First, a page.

The Louisiana Department of Wildlife and Fisheries Forest Stewardship Program recently conducted two landowner field days focusing on longleaf pine management.
Each field day session provided technical assistance to private landowners, consultants and resource professionals interested in restoring and managing longleaf pine forests in Louisiana.
The first field day was held on April 27 in Tangipahoa Parish and 55 people attended. The morning session was spent at a private property owned by Mark Jenkins. Field stops included a five-year-old longleaf plantation, a 12-year-old longleaf plantation and a successful pine straw bailing operation. Topics included the historical significance of longleaf pine, how to successfully establish longleaf pine and some of the advantages and economics associated with managing longleaf pine in the form of high quality products and pine straw bailing.
Sandy Hollow WMA hosted the afternoon session. After a brief introduction to the management objectives and history of Sandy Hollow WMA, the participants loaded up for a hay-ride tour. At the first stop, a natural longleaf stand burned two weeks prior, participants discussed the tools used to manage longleaf stands, primarily prescribed burning. The group then visited an older, uneven-aged longleaf stand to discuss wildlife habitat for game and non-game species. Species discussed included: quail, wild turkey, white-tailed deer, red-cockaded woodpeckers, gopher tortoises, brown-headed nuthatches, Henslow's sparrows, and Louisiana pine snakes. The last stop on the tour was at a patch of cogon grass where participants talked about the problems with cogon grass and other invasive species associated with all land management. The field day concluded with presentations on state and federal cost-share programs available for financial assistance to restore longleaf pine.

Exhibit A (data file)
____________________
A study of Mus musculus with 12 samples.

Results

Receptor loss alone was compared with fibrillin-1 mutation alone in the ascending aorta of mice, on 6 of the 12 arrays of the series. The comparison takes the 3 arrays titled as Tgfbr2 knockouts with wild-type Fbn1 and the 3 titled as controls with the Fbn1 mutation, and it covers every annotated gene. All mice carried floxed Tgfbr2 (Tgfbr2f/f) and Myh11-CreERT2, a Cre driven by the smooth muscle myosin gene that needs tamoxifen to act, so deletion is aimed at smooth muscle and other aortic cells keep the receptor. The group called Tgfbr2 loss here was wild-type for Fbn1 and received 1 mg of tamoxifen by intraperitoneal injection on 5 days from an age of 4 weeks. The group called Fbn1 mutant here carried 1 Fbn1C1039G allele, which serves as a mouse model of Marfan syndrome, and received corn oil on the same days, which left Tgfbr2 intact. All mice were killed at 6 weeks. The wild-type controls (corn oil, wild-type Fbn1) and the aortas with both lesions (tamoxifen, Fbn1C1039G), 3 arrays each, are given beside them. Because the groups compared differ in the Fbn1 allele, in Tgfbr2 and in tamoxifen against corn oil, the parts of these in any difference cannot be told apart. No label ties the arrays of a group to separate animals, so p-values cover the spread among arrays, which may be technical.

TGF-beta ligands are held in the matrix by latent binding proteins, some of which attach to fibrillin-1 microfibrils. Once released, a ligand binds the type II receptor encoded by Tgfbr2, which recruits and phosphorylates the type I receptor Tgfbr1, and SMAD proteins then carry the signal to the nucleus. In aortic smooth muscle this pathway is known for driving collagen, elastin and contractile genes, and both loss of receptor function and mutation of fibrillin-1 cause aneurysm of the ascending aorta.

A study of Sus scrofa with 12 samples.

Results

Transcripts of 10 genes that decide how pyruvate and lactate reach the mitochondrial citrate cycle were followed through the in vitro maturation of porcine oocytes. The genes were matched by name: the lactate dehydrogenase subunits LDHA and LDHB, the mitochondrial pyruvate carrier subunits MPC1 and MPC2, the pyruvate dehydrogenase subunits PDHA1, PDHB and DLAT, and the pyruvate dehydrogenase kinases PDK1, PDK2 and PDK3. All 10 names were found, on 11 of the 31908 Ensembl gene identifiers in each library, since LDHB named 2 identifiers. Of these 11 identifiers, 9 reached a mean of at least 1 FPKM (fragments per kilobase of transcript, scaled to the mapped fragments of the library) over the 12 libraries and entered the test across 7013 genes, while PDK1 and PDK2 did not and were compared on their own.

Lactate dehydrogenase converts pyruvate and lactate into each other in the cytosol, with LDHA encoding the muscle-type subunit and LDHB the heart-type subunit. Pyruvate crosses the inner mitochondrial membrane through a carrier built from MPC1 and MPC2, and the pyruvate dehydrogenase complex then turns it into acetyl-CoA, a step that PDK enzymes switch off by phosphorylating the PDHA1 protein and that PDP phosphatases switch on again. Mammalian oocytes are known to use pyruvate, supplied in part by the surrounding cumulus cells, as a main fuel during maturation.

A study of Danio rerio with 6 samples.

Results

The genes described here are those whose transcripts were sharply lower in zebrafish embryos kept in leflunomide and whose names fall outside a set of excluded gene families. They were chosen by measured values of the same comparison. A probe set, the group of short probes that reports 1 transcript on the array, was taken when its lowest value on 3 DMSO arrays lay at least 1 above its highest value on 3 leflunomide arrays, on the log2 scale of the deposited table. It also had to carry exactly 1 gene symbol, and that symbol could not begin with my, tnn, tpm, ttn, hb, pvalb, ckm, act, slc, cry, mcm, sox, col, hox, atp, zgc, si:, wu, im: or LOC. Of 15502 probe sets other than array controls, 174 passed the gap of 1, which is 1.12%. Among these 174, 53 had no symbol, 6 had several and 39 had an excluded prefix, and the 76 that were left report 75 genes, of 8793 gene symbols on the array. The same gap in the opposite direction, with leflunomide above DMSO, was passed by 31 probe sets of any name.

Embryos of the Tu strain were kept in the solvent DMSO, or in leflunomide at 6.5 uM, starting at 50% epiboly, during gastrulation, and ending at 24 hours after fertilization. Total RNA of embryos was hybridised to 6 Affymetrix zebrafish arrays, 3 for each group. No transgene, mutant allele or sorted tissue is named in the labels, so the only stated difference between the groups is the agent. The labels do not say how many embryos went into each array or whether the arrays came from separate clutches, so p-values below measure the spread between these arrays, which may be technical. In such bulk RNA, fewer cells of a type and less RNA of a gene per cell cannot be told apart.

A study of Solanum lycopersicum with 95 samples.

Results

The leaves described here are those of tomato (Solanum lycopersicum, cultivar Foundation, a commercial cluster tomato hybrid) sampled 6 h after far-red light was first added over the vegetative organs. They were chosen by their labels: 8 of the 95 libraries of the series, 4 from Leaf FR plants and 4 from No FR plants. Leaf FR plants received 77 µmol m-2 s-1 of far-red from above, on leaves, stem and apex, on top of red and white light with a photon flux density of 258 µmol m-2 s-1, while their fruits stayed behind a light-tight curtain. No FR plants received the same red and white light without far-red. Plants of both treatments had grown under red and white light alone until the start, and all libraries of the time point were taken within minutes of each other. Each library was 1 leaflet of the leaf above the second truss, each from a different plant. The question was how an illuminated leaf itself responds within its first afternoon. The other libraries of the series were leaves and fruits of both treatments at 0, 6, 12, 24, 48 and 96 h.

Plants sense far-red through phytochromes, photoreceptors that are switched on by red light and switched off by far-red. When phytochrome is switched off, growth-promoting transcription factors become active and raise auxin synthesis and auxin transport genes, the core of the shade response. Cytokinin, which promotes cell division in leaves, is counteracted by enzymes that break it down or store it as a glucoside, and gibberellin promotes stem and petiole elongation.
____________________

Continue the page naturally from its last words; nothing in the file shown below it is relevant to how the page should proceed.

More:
The second field day had 29 participants and was held on April 29 in Beauregard Parish at Cavett Brown's Stewardship Forest just west of Longville. Participants examined the same topics covered the previous field day in a classroom setting in a lodge located on the property. In the afternoon, participants visited newly planted longleaf pine forests and older plantations.
Representatives from the Longleaf Alliance, Louisiana Department of Wildlife and Fisheries, Louisiana Department of Agriculture and Forestry, Natural Resource Conservation Service, Louisiana Forestry Association, Louisiana State University AgCenter, Beauregard Forestry Association and American Forest Foundation were all an integral part of the planning and implementation of the field day programs.
For more information, contact Cody Cedotal at 225-765-2354 or firstname.lastname@example.org.